At The Motley Fool, we poke plenty of fun at Wall Street analysts and their endless cycle of upgrades, downgrades, and "initiating coverage at neutral." So you might think we'd be the last people to give virtual ink to such "news." And we would be -- if that were all we were doing.
But in "This Just In," we don't simply tell you what the analysts said. We'll also show you whether they know what they're talking about. To help, we've enlisted Motley Fool CAPS, our tool for rating stocks and analysts alike. With CAPS, we'll be tracking the long-term performance of Wall Street's best and brightest -- and its worst and sorriest, too.
And speaking of the best ...
One of the best stock pickers in the business rediscovered technology last week. Credit Suisse "reinitiated" coverage of the tech sector, assigning ratings to eight of its biggest names. Despite recommending "market weight" (i.e. neutral) investments in the sector as a whole, CS picked three of the eight as likely winners over the next couple of years. Here's how the ratings break down:
(NASDAQ:AAPL), Dell (NASDAQ:DELL), and EMC (NYSE:EMC)-- outperform.
(NYSE:HPQ), IBM (NYSE:IBM), Network Appliance, and Sun Micro (NASDAQ:JAVA)-- perform.
- Lexmark -- underperform.
According to CS, the computer sector is holding up quite nicely in the face of a global economic downturn. The banker projects nearly 14% growth for the world PC market this year, and nearly 13% next year, with both developing and developed markets driving the growth. In fact, CS is so confident in its predictions that it tossed in good words for Infineon and STMicro
But does this banker know its stuff? Yes and no. According to CAPS, Credit Suisse ranks in the top 6% of investors overall. Yet it earns this rank despite having a record of just 53% accuracy -- meaning that any given CS pick is nearly as likely wrong as right.
The law of large numbers
Which brings me to the point I want to make today. Hearing that an analyst is right "only 53% of the time" may not inspire a lot of confidence in investors. But before you scoff, look at it this way: Over the two years we've tracked Credit Suisse's performance, this banker has made well more than 600 stock recommendations. Hardly a day goes by (even on weekends) without CS coming up with a new "bright idea." And over the course of all this time, and all these stocks, CS remains consistently more often right than wrong.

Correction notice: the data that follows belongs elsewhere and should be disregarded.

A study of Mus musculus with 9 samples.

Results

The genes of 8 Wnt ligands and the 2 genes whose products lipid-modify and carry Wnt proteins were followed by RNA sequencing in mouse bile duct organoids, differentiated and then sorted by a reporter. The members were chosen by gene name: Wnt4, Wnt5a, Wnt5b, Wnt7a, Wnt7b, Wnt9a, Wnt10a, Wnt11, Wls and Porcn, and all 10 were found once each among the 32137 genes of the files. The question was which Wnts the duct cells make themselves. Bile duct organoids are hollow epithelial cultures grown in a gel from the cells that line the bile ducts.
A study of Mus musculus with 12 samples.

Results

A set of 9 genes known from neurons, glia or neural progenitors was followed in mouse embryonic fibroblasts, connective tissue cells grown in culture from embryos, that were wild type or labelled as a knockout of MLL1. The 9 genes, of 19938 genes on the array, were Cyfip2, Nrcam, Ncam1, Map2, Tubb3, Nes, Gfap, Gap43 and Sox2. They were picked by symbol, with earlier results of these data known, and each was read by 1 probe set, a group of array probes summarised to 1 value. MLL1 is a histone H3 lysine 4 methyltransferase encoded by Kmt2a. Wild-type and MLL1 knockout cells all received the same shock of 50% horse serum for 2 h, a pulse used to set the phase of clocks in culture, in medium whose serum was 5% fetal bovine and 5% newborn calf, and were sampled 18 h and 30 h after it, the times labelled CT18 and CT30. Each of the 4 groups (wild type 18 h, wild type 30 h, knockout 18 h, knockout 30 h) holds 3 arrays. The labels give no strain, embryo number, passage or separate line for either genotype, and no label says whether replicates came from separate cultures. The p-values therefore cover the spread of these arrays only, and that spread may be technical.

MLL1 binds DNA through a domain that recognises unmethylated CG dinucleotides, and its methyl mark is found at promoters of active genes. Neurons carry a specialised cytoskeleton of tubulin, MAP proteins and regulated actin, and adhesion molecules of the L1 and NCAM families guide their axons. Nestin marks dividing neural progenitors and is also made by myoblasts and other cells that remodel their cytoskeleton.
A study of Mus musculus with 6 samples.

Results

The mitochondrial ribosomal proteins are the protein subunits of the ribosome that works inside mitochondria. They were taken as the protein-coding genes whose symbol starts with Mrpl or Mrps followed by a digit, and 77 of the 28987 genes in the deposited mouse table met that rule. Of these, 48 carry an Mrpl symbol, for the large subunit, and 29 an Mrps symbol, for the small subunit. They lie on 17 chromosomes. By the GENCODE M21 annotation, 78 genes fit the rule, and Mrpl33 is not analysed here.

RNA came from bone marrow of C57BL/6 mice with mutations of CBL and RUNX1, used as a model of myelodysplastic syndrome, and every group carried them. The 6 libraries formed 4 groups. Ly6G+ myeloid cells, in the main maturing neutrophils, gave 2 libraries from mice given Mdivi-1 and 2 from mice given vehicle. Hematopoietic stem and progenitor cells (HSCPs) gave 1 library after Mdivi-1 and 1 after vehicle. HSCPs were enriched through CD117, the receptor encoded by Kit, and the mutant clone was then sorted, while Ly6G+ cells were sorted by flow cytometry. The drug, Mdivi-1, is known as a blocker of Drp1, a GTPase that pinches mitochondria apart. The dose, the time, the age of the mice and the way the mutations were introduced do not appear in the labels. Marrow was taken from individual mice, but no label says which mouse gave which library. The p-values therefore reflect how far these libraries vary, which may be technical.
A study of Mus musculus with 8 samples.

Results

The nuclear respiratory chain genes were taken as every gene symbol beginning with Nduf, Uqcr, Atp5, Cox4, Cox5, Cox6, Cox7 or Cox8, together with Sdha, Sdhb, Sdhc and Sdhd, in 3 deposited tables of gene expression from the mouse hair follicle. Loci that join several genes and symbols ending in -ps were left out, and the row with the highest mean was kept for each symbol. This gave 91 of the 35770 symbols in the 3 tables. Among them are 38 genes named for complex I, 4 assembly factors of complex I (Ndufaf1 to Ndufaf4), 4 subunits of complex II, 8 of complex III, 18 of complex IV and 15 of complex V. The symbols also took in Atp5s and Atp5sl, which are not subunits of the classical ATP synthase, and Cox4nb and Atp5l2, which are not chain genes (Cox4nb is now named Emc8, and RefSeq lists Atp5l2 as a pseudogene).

Sure, the margin isn't large. But that level of accuracy, when combined with excellent results when CS guesses correctly, has this banker scoring better than 57,800 other rated CAPS players. And that is saying something.
If you're nervous about taking buy/sell advice from a guy with 53% accuracy, I don't blame you. On any given stock pick, I don't like those odds either.
But the bigger the sample size, the more chances those 53 percentage points have to work in your favor. In fact, I'd lay odds that if you buy all the stocks that CS tells you to buy -- Apple, Dell, and EMC this week -- and sell the ones it says to sell (just Lexmark), you'll begin to see the law of large numbers racking up some impressive numbers in your portfolio.
The moral of the story is this: If you know a guy has a 47% likelihood of dropping a basket, don't put all your eggs in that basket. Diversify, diversify, diversify.
Diversification is the watchword at Motley Fool Stock Advisor, where we've beat the market by more than 40 points over more than five years in business. Apple is a Stock Advisor pick. For a look at what else we've got in our basket, take a free trial now.
Fool contributor Rich Smith does not own shares of any company named above. You can find him on CAPS, publicly pontificating under the handle TMFDitty, where he's currently ranked No. 498 out of more than 115,000 players. Dell is a Motley Fool Inside Value pick. The Fool has a disclosure policy.